New albums by David Lynch and Family Guy‘s Seth McFarlane remind us that records by non-singing “singers” are nothing new. Since Thomas Edison’s “Little Lamb,” all manner of actors and comedians have made recordings of songs; some going for comedy, some expecting to be taken seriously and some winning you over by sheer force of will. For every record by an actor that’s “a classic for all the wrong reasons” (as Barb Jungr described the recordings of William Shatner), there’s a Richard Burton, who doesn’t even need music to move you to the depths of your bones with a lyric.
Calling this a "vocal record" is a bit of a stretch: It's a highly produced, avant-garde pop album in which the singing is strictly secondary to the production elements. The famous movie director almost never lets us actually hear his voice, which is only one component in these thick, multi-layered tracks. He acts, whispers ("Noah's Ark"), speaks through a modulator ("She Rise Up"), and pretty much does everything possible to obscure the actual quality of his voice. I wonder what he'd do with "What a Wonderful World?"
The chameleonic British comic actor made an art of not-singing: His full-dress, "spoken word" treatments of Lennon & McCartney lyrics employ the production skill of George Martin himself and, especially his rendition of "A Hard Day's Night" a la Laurence Olivier, are almost as ingenious as the Fab Four's originals. Further, "Peter Sellers sings George Gershwin" is a 16-second gem, the punchline of which I will not spoil here.
As Star Trek fans know well, Mr. Spock (Nimoy) was a musical theater veteran who at least knows how to use his voice, although he was almost never given an appropriate song to sing. (ie: the civil rights anthem "Abraham, Martin, and John.") Captain Kirk (Shatner), by contrast, is probably the most famous non-singing singer since George Burns. Only Shatner could render the Beatles and Bob Dylan with the same maniacal enthusiasm that he brings to his readings of two of Shakespeare's most famous soliloquies.
Unlike Mr. Shatner, comedian George Burns always seemed to be in on his own joke, and for 60 years he made the fact that he couldn't sing one of the leitmotifs of a great comedy career. On this album, he brought his non-singing joke to the rock 'n' roll era, and showed that he was just as clever at not singing baby boom anthems like "With a Little Help from My Friends" and "Mr. Bojangles" as he was at not singing traditional Burns favorites like "Ain't Misbehaving."
The diminutive actor, who specializes in playing sadistic psychos, brings a similar perversity to his singing: You're never sure if he's approaching the material out of genuine love for the heritage of Italian-American pop stars (particularly Louis Prima and Dean Martin) or if he's trying to parody the tradition and reduce it to rubble. On "Take Your Love and Shove It (Up Your Big Fat A**)" he does both.
There's a great tradition of non-singing actors (Boris Karloff, Basil Rathbone) providing the narration for this venerable children's story told in symphonic form, as well as singers whom you wouldn't expect to be found in front of a symphony (like David Bowie). James Bond's collaboration with the Royal Philharmonic Orchestra conducted by Antal Dorti (Decca Records, 1965) on Prokofiev's classic work is perhaps the least embarrassing recording on this list.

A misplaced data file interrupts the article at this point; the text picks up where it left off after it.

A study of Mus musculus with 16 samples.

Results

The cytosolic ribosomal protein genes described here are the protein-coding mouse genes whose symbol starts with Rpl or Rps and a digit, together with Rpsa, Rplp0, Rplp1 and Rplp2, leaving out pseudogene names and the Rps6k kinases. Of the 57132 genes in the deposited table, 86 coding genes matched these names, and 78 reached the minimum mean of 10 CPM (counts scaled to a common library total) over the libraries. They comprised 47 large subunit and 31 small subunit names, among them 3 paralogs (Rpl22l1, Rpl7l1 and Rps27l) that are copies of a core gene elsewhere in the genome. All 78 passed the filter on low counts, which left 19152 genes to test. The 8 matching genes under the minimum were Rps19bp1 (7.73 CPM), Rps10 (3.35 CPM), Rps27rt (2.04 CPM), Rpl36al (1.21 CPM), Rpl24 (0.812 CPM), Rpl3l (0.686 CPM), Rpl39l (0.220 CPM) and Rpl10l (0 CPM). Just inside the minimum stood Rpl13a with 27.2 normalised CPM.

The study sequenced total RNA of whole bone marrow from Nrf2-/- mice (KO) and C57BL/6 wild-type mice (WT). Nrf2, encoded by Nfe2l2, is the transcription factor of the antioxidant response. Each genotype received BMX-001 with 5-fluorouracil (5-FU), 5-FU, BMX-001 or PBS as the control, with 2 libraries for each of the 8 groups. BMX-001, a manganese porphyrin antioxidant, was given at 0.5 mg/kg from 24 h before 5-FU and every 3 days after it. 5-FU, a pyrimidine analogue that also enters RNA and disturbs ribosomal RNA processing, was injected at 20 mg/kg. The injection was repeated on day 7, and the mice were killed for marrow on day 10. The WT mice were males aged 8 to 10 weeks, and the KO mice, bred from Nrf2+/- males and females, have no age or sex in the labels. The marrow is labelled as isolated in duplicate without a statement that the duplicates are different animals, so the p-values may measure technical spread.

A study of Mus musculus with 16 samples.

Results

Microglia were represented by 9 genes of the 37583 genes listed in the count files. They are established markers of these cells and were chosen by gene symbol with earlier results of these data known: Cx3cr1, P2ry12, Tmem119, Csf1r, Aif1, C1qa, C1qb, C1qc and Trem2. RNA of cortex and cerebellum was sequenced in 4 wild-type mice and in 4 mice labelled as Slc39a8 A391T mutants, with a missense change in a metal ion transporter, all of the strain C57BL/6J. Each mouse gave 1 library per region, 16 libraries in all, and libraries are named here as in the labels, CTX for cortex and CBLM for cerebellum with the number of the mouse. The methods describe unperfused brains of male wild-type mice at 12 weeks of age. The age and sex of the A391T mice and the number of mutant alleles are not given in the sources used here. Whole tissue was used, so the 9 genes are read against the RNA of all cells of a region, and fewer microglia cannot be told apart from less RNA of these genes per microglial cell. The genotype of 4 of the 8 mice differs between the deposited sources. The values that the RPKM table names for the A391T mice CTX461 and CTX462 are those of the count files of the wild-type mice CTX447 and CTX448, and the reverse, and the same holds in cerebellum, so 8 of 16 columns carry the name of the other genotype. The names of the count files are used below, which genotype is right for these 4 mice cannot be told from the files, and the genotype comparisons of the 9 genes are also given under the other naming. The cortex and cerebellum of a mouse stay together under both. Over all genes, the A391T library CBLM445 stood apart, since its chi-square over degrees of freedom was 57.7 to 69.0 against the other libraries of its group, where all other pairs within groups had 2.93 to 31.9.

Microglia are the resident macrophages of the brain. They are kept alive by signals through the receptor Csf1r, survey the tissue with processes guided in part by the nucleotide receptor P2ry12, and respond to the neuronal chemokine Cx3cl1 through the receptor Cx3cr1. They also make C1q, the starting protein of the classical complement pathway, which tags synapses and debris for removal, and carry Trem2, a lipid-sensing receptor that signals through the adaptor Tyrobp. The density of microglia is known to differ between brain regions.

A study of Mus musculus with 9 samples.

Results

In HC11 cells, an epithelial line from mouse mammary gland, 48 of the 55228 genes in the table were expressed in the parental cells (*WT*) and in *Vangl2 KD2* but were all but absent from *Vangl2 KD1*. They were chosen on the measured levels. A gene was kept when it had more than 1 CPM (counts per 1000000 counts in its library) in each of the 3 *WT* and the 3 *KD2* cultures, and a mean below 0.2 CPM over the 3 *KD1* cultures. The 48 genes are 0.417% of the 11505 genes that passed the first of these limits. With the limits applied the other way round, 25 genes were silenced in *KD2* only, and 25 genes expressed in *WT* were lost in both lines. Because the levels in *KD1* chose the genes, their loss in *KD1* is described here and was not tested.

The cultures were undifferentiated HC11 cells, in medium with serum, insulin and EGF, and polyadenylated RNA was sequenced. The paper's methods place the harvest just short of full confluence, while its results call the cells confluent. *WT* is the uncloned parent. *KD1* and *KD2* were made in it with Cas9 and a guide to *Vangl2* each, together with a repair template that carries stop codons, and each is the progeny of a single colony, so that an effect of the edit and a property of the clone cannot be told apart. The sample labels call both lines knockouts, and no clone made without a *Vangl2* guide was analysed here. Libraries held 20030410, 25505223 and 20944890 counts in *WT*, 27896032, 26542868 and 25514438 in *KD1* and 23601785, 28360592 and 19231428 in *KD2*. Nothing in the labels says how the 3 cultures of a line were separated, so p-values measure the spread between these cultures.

A truly mixed bag: The great film noir tough guy apparently really loved calypso and, since Harry Belafonte was selling a zillion records at the time, Capitol Records indulged him in an album. Mitchum, who had the good sense to base his project on the few recordings of the short-lived Jamaican innovator Lord Flea, is totally sincere, and seems to have no idea how ludicrous he sounds. This is probably the best blindfold test record of all time.
Ironically, Jack Lemmon almost never appeared in any of the major movie musicals produced during his years in Hollywood, yet he was a truly musical performer who could have easily earned a living as a pianist and singer. This set includes several Lemmon vocals (the forgettable "Kiss That Rocked The World") but mostly features his jubilant piano solos, most backed by full orchestra and strings. Honorable mention: Dudley Moore, also an excellent pianist who turned actor.
In one of the most unique careers in showbiz, Colonna was an excellent jazz trombonist who turned gonzo comic (memorably as a radio foil for Bob Hope) and also made remarkably demented recordings of standard songs. During radio's heyday, Colonna was equally famous for his enormous mustache and his ability to hold notes well beyond the boundaries of sanity. His "Ebb Tide" is the track to download, but the whole album will surprise and astonish.
From Rex Harrison (My Fair Lady) to Katherine Hepburn (Coco) the greatest actors have traditionally been fearless when it comes to leading roles in Broadway musicals, never letting the fact that they have absolutely no singing voice get in their way. Burton is so convincing when talk-singing the role of King Arthur even against leading lady Julie Andrews, who was all chops that he could easily given singing lessons to actors who had a lot more voice than he did.